Bottomland and Swamp Forests
Bottomland and swamp forest cover types occupy a relatively small percentage of the forested area in the south. In North Carolina they occur on 13% of the state. They are rich in ecological, cultural, and commercial benefits. These benefits include protection and maintenance of water quality, floodwater storage, wildlife habitat for a variety of species, visual and recreational values, and various forest products obtained from the diversity of tree species present in these forest stands.
Many of these forests were cutover in the late 1800’s and early 1900’s. The forests we see today are the result of these, and subsequent, harvests. In more recent times, many of these forests have been converted to other uses, such as agriculture, due to their productive soils. Federal and state wetlands regulations have slowed these conversions. In addition, changes to the drainages astride which many of these areas lie has altered the hydrology on which these forests depend. Some of these changes are the result of upstream impoundments while others are the consequence of downstream impediments to flow. In either case, the outcome often brings about challenges regenerating these forests or causes forests of different, often undesirable, species to form.
The forest cover types contained within this group take in both riverine and non-riverine systems. The riverine systems may be either red river (originating in the mountains and piedmont) or black river systems (originating in the coastal plain). The non-riverine systems are comprised of pocosins, Carolina Bays, upland depressions, and areas within broad flats between widely spaced drainages. Examples of the specific forest cover types present on these landforms include those dominated by Cypress and tupelo, mixed species of bottomland oaks and their associates, Atlantic White Cedar, and mixtures of various hardwood species such as sugarberry, American elm, shagbark hickory, sweetbay magnolia, the wetland ash species, and others.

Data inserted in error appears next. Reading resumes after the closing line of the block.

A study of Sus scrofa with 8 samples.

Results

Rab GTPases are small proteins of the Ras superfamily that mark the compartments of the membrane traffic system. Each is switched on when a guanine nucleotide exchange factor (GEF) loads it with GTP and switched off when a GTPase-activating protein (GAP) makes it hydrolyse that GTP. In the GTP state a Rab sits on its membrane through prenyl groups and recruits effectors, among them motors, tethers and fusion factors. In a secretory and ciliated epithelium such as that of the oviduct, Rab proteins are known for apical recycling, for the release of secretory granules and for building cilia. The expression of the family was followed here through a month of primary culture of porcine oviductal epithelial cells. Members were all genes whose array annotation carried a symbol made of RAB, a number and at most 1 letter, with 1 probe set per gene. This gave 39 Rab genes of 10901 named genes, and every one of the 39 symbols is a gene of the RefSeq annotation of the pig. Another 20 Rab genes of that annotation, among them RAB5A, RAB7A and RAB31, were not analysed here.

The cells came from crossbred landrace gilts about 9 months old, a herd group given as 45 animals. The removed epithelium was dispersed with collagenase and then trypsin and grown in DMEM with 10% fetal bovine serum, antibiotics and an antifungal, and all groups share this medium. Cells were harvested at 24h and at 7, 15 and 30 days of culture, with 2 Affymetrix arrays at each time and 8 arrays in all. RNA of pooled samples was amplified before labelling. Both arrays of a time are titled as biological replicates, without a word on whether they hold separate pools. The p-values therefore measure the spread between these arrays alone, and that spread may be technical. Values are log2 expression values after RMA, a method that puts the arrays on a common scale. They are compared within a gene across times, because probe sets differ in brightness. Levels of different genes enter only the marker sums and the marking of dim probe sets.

Oftentimes these stands are harvested at an older age than other forest types because of growth rate of the species present and other factors. Many of these stands may be 60 - 80 years old or greater at the time of harvest. In addition, these forests experience few, if any, other forestry treatments during the time between regeneration and harvest. This infrequent harvest schedule or change in appearance, and the fact that these stands may be viewed from water bodies commonly used by the public for recreation, often lead to public concern when these stands are cut. Recently, the emergence of biomass as a source of fuel for power plants and other uses has increased public concern about the utilization and subsequent regeneration of these forests.
Traditionally, most of these forests have been regenerated utilizing natural regeneration from seed and stump sprouting, or coppice. This has been adequate in many cases as long as hydrology and other site factors remained unchanged. However, on altered sites natural regeneration may lead to undesirable species or lack of regeneration in some cases. It may be necessary to practice some form of artificial regeneration such as planting of seedlings to establish the more desirable species in these situations. Today, foresters and others continue to expand their knowledge concerning the ecology of bottomland and swamp forests in an effort to insure sustainable management of these resources.
Contact your county forest ranger if you want more information about bottomland and swamp forests.